Trading Standards crack down on big packages
I'm not in the habit of taking pictures of boxes but this one perfectly illustrates the following story:
It arrived the other day from the Early Learning Centre housing a flat packet of 10 crayons and a box of small bath stickers the size of a packet of noodles. Didn't they actually have anything smaller? I got quite excited when I saw it, thinking I'd been sent something else by mistake.
To stop the stuff rattling around inside, someone had helpfully stuffed another four feet of brown wrapping paper on top. First of all, I'm paying for this massive box (do they think the larger the carton is, the more value for money I'm getting for my P&P fee?) and second, it's completely unnecessary.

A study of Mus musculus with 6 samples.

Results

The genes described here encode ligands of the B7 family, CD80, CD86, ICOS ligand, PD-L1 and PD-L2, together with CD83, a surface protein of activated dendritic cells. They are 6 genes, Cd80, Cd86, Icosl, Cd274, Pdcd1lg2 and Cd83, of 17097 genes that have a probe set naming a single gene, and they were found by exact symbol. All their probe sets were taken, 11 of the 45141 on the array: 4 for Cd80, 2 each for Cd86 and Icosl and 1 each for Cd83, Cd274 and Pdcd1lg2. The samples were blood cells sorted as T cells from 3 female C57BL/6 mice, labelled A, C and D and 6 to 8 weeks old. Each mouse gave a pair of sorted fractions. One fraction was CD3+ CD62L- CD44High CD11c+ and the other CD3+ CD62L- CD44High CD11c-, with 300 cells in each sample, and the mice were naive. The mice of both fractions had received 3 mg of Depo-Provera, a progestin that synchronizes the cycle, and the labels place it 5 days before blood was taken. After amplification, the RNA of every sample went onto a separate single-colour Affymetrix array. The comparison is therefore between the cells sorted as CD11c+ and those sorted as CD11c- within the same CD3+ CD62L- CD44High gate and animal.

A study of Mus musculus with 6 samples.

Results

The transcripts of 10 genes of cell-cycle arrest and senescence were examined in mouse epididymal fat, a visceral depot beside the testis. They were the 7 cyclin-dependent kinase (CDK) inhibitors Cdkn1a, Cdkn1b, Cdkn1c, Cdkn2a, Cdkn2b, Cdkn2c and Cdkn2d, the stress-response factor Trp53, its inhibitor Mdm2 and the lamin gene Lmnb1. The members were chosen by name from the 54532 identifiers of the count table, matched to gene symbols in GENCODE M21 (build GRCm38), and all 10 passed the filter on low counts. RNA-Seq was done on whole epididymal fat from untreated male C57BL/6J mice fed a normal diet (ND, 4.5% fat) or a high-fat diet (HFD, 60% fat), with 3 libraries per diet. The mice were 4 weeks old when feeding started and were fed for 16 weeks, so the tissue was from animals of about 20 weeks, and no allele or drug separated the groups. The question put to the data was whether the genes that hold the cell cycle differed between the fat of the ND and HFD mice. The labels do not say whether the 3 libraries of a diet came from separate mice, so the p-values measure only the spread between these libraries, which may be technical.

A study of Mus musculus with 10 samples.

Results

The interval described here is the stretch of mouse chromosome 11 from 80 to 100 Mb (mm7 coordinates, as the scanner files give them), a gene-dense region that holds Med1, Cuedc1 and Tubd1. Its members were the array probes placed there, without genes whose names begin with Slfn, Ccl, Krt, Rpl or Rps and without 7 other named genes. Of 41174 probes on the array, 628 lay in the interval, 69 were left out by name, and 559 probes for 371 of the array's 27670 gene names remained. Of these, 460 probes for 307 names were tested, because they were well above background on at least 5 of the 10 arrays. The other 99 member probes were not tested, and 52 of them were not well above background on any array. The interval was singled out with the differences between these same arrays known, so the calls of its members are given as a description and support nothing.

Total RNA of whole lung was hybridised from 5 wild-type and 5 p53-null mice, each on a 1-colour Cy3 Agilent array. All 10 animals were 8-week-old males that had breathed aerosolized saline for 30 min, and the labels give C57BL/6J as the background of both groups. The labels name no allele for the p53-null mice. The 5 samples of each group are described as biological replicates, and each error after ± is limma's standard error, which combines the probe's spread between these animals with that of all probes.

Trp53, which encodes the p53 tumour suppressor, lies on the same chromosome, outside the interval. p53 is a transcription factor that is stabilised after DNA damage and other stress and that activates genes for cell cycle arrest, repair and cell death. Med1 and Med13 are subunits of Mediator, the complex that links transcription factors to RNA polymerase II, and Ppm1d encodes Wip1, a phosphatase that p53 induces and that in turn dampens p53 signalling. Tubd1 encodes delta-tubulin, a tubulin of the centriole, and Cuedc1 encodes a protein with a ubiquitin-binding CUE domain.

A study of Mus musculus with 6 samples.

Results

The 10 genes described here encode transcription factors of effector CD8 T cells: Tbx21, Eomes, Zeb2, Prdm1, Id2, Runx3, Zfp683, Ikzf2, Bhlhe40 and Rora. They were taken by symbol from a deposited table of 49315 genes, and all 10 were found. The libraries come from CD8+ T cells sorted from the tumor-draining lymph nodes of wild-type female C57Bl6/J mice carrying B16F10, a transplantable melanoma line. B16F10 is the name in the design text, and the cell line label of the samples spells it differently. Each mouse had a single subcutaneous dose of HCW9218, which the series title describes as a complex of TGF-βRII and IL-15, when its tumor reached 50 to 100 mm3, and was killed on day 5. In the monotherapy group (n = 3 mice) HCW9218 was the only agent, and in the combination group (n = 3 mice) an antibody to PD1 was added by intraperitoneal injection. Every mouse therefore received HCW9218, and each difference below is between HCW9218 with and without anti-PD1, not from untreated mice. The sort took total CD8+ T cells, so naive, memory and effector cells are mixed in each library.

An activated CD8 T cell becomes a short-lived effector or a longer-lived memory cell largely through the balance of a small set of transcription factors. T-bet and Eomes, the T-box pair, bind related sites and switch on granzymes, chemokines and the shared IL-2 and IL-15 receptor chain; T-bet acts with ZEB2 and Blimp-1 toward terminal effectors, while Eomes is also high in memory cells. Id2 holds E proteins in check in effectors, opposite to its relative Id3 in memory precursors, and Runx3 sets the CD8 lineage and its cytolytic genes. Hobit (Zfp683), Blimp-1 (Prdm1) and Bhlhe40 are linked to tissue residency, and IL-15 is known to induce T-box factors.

That said, it doesn't drive me to despair, although I imagine it was taking delivery of this sort of thing that incensed a Trading Standards officer in Leicester so much, that a computer firm was eventually prosecuted for "using excess packaging". An investigation was launched after the officer purchased a piece of software which arrived in a large box stuffed with padding.
I couldn't believe this story when I saw it. We've ranted before on BW about this very topic. I mean sometimes when something you've bought online arrives, it might make you wonder "Is it really necessary to send me a box the size of a fridge-freezer for a couple of CDs?" but this company ended up having to pay costs of nearly three-thousand quid. Yes it's annoying, but given some of the shysters we hear about on these pages who actually could do with being dragged through the courts, it's baffling that Trading Standards has nobody better to prosecute.